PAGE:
Mar 18, 2024 | Article | 0 comments

This story is part of the Solving Sacramento journalism collaborative. Solving Sacramento is supported by funding from the James Irvine Foundation and the James B. McClatchy Foundation. Our partners include California Groundbreakers, Capital Public Radio, Outword, Russian American Media, Sacramento Business Journal, Sacramento News & Review, Sacramento Observer and Univision 19.

Passion, policy and opportunity intersected on the evening of March 13 when Atrium 916 and Black Artist Foundry held a creative economy meeting in the Russ Room on the upper floor of Solomon’s on K Street in Downtown Sacramento.

The event was held with the support of Civic Thread, Valley Vision’s We Prosper Together initiative, city of Sacramento and California Forward with the California Jobs First initiative.

That was a sentiment echoed by Kiara Reed, executive director of Civic Thread, who defined the creative economy as “the dollars, the business, the jobs that are produced and impacted by creative people.” McKinnie praised Reed and Valley Vision’s work on We Prosper Together — a collaborative that centers community through its economic development work — for bringing creatives into the conversation.

A $50 stipend was provided to all attending artists through Valley Vision, a regional civic organization that funded the event and is the backbone of providing funding and support to We Prosper Together. “I think it was important to say, ‘Hey we value your ideas and you should be paid for them,” McKinnie said.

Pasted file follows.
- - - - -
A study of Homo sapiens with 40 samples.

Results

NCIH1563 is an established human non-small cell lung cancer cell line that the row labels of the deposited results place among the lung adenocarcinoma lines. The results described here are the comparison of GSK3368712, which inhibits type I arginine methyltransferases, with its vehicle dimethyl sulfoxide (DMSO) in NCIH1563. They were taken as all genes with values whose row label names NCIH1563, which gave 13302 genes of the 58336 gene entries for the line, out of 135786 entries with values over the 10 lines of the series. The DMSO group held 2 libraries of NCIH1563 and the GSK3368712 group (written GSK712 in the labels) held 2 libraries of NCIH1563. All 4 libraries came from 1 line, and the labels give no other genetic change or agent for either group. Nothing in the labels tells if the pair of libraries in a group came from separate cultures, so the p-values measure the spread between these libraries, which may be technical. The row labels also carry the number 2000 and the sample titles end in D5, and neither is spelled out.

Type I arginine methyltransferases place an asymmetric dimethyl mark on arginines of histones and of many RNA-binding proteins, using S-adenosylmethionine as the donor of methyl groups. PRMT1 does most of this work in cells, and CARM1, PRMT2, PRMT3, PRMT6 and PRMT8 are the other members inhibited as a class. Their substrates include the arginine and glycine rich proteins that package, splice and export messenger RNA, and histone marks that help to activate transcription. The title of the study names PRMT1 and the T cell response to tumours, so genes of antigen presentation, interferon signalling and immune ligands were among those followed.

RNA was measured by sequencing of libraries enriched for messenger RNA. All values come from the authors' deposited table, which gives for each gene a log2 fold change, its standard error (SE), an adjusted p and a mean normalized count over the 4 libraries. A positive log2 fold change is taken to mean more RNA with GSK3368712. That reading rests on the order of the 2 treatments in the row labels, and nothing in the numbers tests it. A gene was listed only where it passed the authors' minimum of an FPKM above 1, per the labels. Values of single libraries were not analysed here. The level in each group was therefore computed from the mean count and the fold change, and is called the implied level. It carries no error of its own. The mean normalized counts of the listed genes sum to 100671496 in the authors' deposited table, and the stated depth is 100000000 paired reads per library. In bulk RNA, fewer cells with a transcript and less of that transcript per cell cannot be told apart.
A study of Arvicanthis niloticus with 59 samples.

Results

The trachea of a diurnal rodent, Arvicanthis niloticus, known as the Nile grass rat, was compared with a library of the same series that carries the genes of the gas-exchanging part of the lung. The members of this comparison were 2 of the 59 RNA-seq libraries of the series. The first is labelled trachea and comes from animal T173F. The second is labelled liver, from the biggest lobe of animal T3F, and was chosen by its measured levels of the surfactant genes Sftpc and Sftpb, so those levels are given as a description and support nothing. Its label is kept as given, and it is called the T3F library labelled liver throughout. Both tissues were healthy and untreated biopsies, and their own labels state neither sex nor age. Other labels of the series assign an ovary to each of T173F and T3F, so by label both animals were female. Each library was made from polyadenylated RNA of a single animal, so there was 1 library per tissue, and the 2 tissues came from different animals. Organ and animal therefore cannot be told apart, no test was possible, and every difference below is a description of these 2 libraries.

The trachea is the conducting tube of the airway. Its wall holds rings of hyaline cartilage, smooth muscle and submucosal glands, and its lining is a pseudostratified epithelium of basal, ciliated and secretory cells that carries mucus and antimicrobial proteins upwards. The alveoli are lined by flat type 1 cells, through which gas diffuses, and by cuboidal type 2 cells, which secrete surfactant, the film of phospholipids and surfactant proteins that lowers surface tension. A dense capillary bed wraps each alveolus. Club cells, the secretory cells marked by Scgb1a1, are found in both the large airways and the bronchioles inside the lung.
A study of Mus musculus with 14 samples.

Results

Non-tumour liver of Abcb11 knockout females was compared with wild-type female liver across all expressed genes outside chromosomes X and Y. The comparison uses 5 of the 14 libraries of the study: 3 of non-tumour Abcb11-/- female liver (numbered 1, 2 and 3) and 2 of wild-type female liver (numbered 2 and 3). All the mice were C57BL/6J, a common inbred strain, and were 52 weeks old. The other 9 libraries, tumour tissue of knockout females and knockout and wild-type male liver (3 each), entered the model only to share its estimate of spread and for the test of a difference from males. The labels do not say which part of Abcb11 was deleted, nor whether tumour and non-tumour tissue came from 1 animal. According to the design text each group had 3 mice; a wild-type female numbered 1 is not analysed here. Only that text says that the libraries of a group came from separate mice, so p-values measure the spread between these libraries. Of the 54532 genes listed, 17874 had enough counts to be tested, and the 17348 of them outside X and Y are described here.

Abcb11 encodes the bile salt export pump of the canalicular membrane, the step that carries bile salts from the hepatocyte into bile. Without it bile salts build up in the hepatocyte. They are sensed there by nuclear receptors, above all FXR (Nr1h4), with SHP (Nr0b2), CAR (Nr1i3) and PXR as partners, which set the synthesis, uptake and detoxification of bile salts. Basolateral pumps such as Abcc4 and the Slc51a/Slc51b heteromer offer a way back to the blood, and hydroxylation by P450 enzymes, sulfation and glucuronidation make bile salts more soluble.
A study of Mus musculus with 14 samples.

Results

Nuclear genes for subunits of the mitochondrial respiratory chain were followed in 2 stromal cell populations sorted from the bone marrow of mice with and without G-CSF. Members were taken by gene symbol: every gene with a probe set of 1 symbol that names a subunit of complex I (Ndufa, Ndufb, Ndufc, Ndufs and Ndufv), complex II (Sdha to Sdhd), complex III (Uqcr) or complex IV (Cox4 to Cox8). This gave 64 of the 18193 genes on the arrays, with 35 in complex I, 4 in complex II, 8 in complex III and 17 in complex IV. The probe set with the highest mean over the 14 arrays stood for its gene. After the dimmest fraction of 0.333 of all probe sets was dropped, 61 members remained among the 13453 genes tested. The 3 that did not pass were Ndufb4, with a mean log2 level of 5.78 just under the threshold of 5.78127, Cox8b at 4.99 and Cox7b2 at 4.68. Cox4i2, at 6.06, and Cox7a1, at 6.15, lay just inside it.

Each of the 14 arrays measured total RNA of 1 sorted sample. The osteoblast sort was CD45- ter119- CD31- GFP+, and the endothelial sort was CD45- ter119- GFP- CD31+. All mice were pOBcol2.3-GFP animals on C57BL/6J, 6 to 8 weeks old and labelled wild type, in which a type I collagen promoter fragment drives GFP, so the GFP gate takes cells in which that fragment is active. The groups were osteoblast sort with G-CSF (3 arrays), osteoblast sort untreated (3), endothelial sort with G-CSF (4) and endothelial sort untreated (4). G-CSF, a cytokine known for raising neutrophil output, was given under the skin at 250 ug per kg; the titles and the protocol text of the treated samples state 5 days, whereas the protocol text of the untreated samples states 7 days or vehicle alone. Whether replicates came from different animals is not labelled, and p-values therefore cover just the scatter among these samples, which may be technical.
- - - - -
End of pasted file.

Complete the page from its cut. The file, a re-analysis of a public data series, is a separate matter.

As doors opened at 6:30 p.m., over 60 attendees mingled, enjoyed drinks, shared Instagram handles and connected over ideas, policy change and grant opportunities. DJ Kiare Thompson spun records while Solomon’s served pastrami tacos.

An “Opportunity Table” sat in the middle of the room, covered in flyers and information on arts grants and teaching jobs. A packet detailing the upcoming second annual California Arts and Culture Summit, to be held in mid-April at The Sofia, was also on hand. QR codes encouraging attendees to vote in a city of Sacramento Fiscal Year 2024/25 Budget Community Survey papered tables along the edges of the space. The city, facing a more than $66 million deficit, is asking residents for help in determining where to cut costs.

“I don’t think that people who aren’t in the arts realize how much the arts impact all aspects of life,” said Justina Martino, founder of Art Tonic, which provides grant writing support, project management and professional development educational opportunities. “Everywhere you look an artist has probably touched. I feel like often the arts are the first thing to get suggested for budget cuts.”